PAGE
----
Work Management as Self-Care

In my previous post, I described how I use a physical notebook to manage my daily and weekly work.

Getting things done is not the only purpose of this notebook, however. It is also an important part of how I maintain my mental health.

Grad school can be pretty discouraging at times. Even among people with pretty good mental health, it seems that going through a period of ‘why am I here and what am I doing?’ is common. When that combines with some form of depression (also common among academics, it seems), things get pretty bleak.

I would get particularly discouraged when it felt like I was not getting anything done; spinning my wheels with nothing to show for it. Planning and tracking my work has been one tool mitigate that problem. I think it helps in a few ways:

I find that it is not enough to be productive; I need to feel like I am accomplishing something, hopefully meaningful. My notebook gives me a built-in positive feedback loop that helps with that. I started using a notebook in part because I wanted to move past writing down and achieving three desired outcomes and have a more extensive record of what I accomplished each day.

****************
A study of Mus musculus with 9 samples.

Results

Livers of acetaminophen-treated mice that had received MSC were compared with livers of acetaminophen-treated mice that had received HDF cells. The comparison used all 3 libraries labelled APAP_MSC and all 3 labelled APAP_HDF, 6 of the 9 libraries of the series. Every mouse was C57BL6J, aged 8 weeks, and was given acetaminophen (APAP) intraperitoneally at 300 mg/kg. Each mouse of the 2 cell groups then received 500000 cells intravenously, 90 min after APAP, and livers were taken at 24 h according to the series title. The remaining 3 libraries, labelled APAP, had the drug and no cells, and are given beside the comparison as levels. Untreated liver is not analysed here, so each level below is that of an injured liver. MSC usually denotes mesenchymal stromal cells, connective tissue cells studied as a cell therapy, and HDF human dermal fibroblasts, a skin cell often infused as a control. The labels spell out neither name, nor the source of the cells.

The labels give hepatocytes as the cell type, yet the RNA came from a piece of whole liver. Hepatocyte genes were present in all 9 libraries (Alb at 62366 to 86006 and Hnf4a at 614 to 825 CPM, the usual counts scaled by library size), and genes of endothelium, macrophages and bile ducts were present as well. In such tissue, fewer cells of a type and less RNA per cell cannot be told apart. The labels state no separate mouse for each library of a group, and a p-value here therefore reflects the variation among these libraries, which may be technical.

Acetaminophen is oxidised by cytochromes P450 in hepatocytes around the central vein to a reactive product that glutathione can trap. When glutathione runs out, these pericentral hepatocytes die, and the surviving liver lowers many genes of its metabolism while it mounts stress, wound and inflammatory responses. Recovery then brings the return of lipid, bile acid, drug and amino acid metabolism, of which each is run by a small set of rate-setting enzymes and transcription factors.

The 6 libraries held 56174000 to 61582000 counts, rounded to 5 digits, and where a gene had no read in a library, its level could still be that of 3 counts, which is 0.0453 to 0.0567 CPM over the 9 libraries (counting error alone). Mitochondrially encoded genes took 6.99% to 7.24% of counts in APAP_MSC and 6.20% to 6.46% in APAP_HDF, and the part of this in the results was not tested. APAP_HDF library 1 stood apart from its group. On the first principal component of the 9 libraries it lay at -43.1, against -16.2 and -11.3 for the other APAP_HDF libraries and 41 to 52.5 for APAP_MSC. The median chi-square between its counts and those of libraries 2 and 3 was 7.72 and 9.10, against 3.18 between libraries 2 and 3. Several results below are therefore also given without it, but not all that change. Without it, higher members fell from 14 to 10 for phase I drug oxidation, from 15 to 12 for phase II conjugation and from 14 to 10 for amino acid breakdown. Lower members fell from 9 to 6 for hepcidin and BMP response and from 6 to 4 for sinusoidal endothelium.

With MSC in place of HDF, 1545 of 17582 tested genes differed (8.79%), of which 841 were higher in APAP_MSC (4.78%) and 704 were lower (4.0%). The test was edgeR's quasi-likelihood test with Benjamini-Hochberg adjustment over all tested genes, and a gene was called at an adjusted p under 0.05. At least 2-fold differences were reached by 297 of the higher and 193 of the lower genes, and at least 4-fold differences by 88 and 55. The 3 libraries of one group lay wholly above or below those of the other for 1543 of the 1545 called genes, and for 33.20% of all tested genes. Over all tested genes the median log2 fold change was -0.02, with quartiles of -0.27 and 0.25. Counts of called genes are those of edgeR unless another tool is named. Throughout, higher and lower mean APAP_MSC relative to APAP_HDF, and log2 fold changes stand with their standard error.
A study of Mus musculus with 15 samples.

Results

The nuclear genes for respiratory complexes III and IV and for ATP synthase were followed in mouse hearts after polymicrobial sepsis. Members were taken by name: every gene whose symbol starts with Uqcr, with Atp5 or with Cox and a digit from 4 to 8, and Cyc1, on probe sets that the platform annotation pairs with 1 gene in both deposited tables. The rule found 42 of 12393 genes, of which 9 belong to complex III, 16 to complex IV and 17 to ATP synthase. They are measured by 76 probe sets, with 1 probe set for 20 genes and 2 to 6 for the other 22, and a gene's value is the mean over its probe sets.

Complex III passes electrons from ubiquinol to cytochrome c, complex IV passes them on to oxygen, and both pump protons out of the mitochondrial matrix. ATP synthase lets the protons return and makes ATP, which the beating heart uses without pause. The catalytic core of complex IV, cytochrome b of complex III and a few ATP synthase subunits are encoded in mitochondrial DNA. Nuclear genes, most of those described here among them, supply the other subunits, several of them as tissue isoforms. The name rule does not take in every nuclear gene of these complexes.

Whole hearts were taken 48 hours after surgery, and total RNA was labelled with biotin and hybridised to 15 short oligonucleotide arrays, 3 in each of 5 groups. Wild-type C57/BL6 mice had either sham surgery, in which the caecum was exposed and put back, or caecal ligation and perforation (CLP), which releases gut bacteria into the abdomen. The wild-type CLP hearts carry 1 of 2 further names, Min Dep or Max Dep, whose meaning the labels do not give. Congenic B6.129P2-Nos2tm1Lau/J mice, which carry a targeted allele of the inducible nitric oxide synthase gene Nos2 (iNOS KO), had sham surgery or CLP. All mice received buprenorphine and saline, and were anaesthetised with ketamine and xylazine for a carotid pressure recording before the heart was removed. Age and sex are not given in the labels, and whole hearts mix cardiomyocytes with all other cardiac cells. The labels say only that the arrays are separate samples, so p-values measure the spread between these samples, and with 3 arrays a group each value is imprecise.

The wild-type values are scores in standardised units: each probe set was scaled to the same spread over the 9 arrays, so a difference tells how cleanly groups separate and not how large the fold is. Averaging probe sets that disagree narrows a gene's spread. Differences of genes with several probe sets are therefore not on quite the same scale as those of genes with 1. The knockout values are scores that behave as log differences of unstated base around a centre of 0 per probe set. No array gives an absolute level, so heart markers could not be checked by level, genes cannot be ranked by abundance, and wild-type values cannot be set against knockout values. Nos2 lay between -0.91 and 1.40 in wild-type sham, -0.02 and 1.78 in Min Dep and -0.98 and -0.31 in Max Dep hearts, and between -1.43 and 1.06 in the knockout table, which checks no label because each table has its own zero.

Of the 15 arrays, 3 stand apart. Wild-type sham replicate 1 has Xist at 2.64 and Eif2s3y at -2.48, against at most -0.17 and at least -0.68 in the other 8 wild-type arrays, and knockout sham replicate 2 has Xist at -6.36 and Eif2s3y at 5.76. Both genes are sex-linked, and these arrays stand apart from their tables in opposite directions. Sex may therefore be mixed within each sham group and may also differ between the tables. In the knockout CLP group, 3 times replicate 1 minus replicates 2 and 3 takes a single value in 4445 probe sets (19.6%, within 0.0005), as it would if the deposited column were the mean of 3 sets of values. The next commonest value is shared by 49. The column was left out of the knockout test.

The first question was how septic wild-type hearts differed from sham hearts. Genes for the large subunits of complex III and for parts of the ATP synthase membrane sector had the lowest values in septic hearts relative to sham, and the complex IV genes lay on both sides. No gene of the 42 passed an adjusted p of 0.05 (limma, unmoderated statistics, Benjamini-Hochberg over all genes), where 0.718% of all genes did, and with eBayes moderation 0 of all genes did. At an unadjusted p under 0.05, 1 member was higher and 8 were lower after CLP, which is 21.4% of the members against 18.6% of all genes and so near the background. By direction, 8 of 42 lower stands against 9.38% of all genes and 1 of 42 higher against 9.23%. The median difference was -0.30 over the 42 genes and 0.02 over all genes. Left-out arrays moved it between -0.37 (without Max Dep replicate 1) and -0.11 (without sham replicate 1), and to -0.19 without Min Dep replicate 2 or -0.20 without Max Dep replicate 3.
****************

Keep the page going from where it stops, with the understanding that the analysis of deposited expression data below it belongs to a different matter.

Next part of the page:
I do not expect my rituals of work management to have the same benefits for everyone. As with productivity, you need to find the self-care that works for you. Try some things. Talk with friends, family, and perhaps mental health professionals or spiritual counselors. But my notebook seems to help me.

It’s also important to keep work and productivity in broader perspective. I do not want my self-worth to be tied up in the things I do; for one thing, my religion teaches that one’s worth is not measured in possessions or accomplishments, and that it is dangerous to fall in the trap of thinking that it is (either about yourself or others). It also caused problems for a certain rapping founding father — ‘you’ll always be adored by the things you create’ while his family fell apart.

I also do have a tendency to overwork. However, in the context of a bigger picture of life, I find the productivity rituals I have developed to be a useful tactic for keeping my mind away from certain species of discouragement, and I do not think that they make the overwork problem worse; rather, at the times when I’m doing a better job of work-life balance, they help me make the most of the time I spend working so that I can take better advantage of rest and relaxation.